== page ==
Elamites (3300-539 BC)
Famous for their destruction and invasion of the Sumerian civilisation to their west, the Elamites were a pre-Iranian civilisation that occupied Western and South-western Iran. Devotional statuettes of rulers were a common form of Elamite art. These metal and stone figurines were intended to depict ritual actions, actions that would be eternally enacted due to the permanent nature of the statuette, which would confer onto the devotee the enduring auspices of the deity. Stone seals and cosmetic dishes were other common forms of decorative art. The well defined style of seal engravings which relate to specific time periods allow us to accurately date Elamite art as the iconographic motifs and characteristics of style can be observed across all forms of production from the same period.
Babylonians (1859-539 BC)
After the fall of Sumer to the Elamites at the turn of the second millennium BC, the Amorites (“westerners”) began to migrate from the Levant to southern Mesopotamia and would eventually form the Babylonian Empire. A common form of art during this time are the ceramic plaques, found in both religious and private settings, suggesting that art was available to a wide audience. These plaques have depicted priests and worshippers alike, but the strongest emphasis in depictions is on the piety of the kings. A second common form of art are the stone seals that had been used since the 4th millennium BC. Used as a means of officiating authenticity, these seals combined imagery and inscriptions of a religious nature, with either scenes of deities of mythical figures, or devotional practices within the real world.
Hittites (1600-1178 BC)
The Hittites were an Anatolian people that established an empire in central Anatolia (modern Turkey) around 1600 BC, lasting until 1178 BC. For such a large and prosperous empire there are comparatively few remains of Hittite art, but what does remain is of impressive style and quality. At its heart Hittite art focused on depictions of deities and on worship and devotional practices but there are also numerous, non-religious themed depictions, including hunting scenes and representations of animals. The art produced by Hittite sculptors, made using a potter’s wheel as well as free sculpting, was fairly simple in form and focused on its utility and function within its ritual settings.
Assyrians (2600-609 BC)
At around 1500 BC, a distinctive Assyrian artistic style began to emerge, one that had a clear characteristic that distinguished it from the Babylonian style that was dominant at the time. However, it is the art of the later, Neo-Assyrian Empire, 911 – 612 BC, that is best known. This period produced art that shows a clear concern for militarism, with stone relief sculptures depicting conqueror-kings and wars that coincided with the successive campaigns of the rulers who were eventually able to conquer even Egypt. The kingly sport of lion hunting was also a favoured theme for Assyrian art, and one in which the animal forms are afforded a magnificent amount of detail, more so that the human forms that are comparatively rigid and less detailed. This ancient sport was such an important symbol of Assyrian kingly power that it was also depicted on the royal seal, stone obelisks and bronze bands that decorated monumental gates.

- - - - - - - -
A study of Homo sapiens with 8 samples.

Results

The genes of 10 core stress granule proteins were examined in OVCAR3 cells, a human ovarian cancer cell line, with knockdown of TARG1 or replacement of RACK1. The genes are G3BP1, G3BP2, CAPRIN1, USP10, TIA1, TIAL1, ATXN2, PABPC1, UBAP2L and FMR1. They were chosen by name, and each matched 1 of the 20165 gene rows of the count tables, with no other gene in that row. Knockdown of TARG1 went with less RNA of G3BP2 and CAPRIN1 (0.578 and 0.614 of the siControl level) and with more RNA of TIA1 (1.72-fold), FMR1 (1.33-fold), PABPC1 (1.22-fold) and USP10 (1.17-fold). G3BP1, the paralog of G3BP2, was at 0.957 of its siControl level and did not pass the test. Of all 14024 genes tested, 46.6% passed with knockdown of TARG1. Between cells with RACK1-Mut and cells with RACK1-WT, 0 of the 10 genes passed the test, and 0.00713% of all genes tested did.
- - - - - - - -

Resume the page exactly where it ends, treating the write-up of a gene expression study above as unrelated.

Syro-Hittites (1178-700 BC)
After the breakdown of the Hittite Empire during the Late Bronze Age collapse, it fragmented into a number of minor states, collectively known as the Syro or Neo-Hittites. Continuing the trends in art of the former empire, these forms were increasingly mixed with Aramaic, Assyrian and Syrian Bronze Age influences to create a distinctive style. A common form of their art was the bronze, stone and terracotta votive figures and idols that were placed in temples or private homes as a means of gaining favour with certain deities, although these figures did not represent the cult images themselves.
Parthians (247 BC – 224 AD)
The Parthian Empire is notorious as being one of Rome’s arch-rivals, and spent centuries at war with the European empire. Parthian art is another example of the amalgamation of the numerous cultures that came under Parthian rule, most notably the Persians and the Hellenistic descendants of Alexander the Great’s reign. One defining characteristic of Parthian relief sculpture is the frontal depiction of the figures and a high level of intricate detail being applied to the clothing and textiles of the figures. The wealth obtained from the trade routes that passed through their territory resulted in a massive patronage in the arts, particularly in the form of statutory, jewellery, relief sculpture, metalwork, coins and ceramics.